It is public knowledge now that one of my students, Rae’Jonn Higginbottom, was arrested by Clinton Police and the FBI in connection with bomb threats that were called in on Clinton High School in Clinton, Miss.
Just an hour before he was arrested, Rae’Jonn was sitting at my side doing Algebra 2, wrapping up his last assignments before the end of the year. He had picked up his cap and gown the night before.
Rae’Jonn is currently out of jail on bond and will miss the graduation that he was so excited to experience. It is as though one stupid decision, a prank, has dissolved all of the work that he and I have done this semester.
For a little context, let me explain the situation at the Clinton Alternative School. Many public school districts have an alternative education program that remediates students who are behind and harbors those who cannot function in traditional classrooms. Our school provides both of those services.
Our faculty comprises the most patient, resourceful and nurturing teachers in the district. At any given time, one of my fellow educators could be responsible for a class of students working in many different classes.
For example, at one point in my regular day, I have a class of eight students, three of whom are in Algebra 1, one working on Geometry, two practicing Algebra 2 and two studying Transitions to Algebra. Each gets a lesson and assignments, and each is expected to make significant progress each week toward completing their courses.
In our building, we are all ministers, counselors, experts in our disciplines and, above all, conveyors of human dignity. Ours are the students who need the most care, the most patience and the most attention.
Ours is the task of the long-suffering teacher who must find appropriate expectations for these students and work and work and work to see them succeed. Above all, we are a faculty established on hope.
As I consider the circumstances of Rae’Jonn’s prank call that has landed him in jail facing federal charges, I’m caught between the hope that is inherent in the mission of our school and the disappointment of the reality of many of our students, especially Rae’Jonn.
The Scriptures declare that hope is one of the three great features of the gospel (1 Corinthians 13), and that hope is instrumental in the Christian understanding of faith itself (Hebrews 11:1).
We often trumpet hope as the great ally of the believer in the face of trial or suffering. We sing about how our hope is built on nothing less than Jesus’ blood and righteousness. We hope for glory (Ephesians 1:12, Colossians 1:27) and even for salvation (1 Thessalonians 5:8).
The church, then, trades on hope; in the midst of a world groaning under the weight of sin and need for salvation, the church stands as a witness to the hope that all is not lost.
I think, though, that believers should practice a little “hope-as-protest.”
Hope is defiant. It is contrary. Hope is against the status quo and keeps one eye on the horizon.
Hope is the realist’s impression of events painted with colors that seem more cheerful than they need be. Hope is having 40 acres of the worst land in the state and sowing seed anyway.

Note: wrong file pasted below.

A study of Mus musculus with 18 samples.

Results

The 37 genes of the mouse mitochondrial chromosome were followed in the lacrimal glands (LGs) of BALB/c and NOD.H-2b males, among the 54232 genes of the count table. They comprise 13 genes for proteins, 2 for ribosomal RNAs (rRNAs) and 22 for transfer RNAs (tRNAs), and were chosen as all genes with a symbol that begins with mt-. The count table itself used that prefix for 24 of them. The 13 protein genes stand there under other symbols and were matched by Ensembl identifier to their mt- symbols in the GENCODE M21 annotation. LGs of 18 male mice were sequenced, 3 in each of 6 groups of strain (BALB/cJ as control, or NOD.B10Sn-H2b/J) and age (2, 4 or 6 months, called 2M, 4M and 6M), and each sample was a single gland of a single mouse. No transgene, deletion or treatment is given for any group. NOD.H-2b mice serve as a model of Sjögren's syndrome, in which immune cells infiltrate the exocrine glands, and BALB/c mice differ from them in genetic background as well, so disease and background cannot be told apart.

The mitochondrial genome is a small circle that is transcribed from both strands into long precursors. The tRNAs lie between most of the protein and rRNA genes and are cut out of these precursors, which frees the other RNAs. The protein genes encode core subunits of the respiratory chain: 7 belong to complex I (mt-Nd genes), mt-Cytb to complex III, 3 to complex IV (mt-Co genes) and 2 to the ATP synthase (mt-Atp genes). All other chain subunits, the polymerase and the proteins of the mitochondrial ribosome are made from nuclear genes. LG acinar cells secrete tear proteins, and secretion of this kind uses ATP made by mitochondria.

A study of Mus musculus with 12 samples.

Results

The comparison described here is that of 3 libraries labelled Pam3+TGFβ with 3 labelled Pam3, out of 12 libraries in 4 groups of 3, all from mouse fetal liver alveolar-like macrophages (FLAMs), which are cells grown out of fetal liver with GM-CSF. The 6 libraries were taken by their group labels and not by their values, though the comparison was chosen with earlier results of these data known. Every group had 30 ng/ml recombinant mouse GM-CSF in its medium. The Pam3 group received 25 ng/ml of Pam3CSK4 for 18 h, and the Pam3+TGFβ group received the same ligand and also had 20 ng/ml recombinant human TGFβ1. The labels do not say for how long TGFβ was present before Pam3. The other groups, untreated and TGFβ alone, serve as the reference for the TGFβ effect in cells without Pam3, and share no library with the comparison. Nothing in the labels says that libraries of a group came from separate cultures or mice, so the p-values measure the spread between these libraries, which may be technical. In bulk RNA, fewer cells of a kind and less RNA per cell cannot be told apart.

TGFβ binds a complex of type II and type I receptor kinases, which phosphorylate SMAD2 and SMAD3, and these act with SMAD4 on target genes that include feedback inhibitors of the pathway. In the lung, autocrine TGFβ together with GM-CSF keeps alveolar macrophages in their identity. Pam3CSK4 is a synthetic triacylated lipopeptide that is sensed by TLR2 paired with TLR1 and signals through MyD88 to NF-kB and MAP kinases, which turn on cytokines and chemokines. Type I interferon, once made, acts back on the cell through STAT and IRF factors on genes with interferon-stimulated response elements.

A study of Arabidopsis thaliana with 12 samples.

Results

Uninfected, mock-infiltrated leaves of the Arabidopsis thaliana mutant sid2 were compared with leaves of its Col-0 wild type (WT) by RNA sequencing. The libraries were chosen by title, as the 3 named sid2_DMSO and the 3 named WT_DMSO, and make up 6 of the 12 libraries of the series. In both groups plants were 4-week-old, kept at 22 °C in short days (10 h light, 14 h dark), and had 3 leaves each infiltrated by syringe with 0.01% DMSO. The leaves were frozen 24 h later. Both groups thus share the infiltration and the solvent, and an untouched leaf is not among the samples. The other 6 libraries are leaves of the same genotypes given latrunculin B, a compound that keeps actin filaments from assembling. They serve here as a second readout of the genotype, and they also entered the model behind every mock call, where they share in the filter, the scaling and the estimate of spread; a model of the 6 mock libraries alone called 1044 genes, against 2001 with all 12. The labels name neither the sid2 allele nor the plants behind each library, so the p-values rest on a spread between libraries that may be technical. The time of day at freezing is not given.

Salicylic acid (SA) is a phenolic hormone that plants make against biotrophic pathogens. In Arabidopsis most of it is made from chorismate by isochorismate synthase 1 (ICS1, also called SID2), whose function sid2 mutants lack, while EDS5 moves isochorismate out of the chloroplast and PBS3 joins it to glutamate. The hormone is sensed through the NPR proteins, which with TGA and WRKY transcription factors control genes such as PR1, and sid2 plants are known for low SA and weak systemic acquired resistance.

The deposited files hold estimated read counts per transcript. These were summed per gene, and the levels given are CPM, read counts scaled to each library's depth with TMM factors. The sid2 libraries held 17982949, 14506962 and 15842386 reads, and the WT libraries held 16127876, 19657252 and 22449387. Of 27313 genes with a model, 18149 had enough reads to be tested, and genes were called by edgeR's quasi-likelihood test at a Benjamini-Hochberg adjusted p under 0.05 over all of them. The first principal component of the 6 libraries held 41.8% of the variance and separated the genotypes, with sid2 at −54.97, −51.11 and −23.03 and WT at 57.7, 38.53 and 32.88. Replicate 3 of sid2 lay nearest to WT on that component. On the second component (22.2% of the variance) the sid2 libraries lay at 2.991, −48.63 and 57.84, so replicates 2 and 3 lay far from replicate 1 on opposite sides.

Disappointment, though, is one of the many things that combat hope in my soul, much like grief and pessimism do.
Disappointment is the substitution of an unexpected reality in the place of a well-constructed optimism. It is the pouring in of our time, effort and prayers for a student who is a hair’s breadth away from graduating against all odds only to have that opportunity snatched away.
Can the Christian honestly feel disappointment and hold to faith, hope and love simultaneously? Yes.
I am personally caught in the tension between those two poles, knowing that there is nothing I can do to bring Rae’Jonn back to school and also hoping for him and praying for his success and that he encounters the living God.
I think of the story of Jesus raising Lazarus from the dead (John 11). In that narrative, we can feel the tension between disappointment and hope laid out for us as plain as day. We learn that Jesus wasn’t far from the dying Lazarus (John 11:18). Further, Martha, sister to the dead Lazarus, passively blames Jesus for allowing her brother to die (John 11:21-22).
In that moment between Jesus promising Martha that her “brother will rise again … I am the Resurrection and the Life; he who believes in me will live even if he dies, and everyone who lives and believes in me will never die” (John 11:23-26) and Lazarus actually stumbling out of his 4-day-old tomb, Martha must have experienced the soul-stretching doublethink that hope and disappointment can synthesize.
On the one hand is the reality, a reality that threatens to break the armor hope provides. On the other is the hope of those who believe Jesus’ words and resurrection. In this middle ground we are often left saying, “God have mercy.”
That’s where I am today – caught between hope and hell. God have mercy.
Brock Ratcliff is a minister at Madison Chapel in Madison, Miss. He also teaches mathematics and computer science at Clinton Alternative School in Clinton, Miss. A longer version of this column appeared on his blog, Fides Quaerens Intellectum, and is used with permission.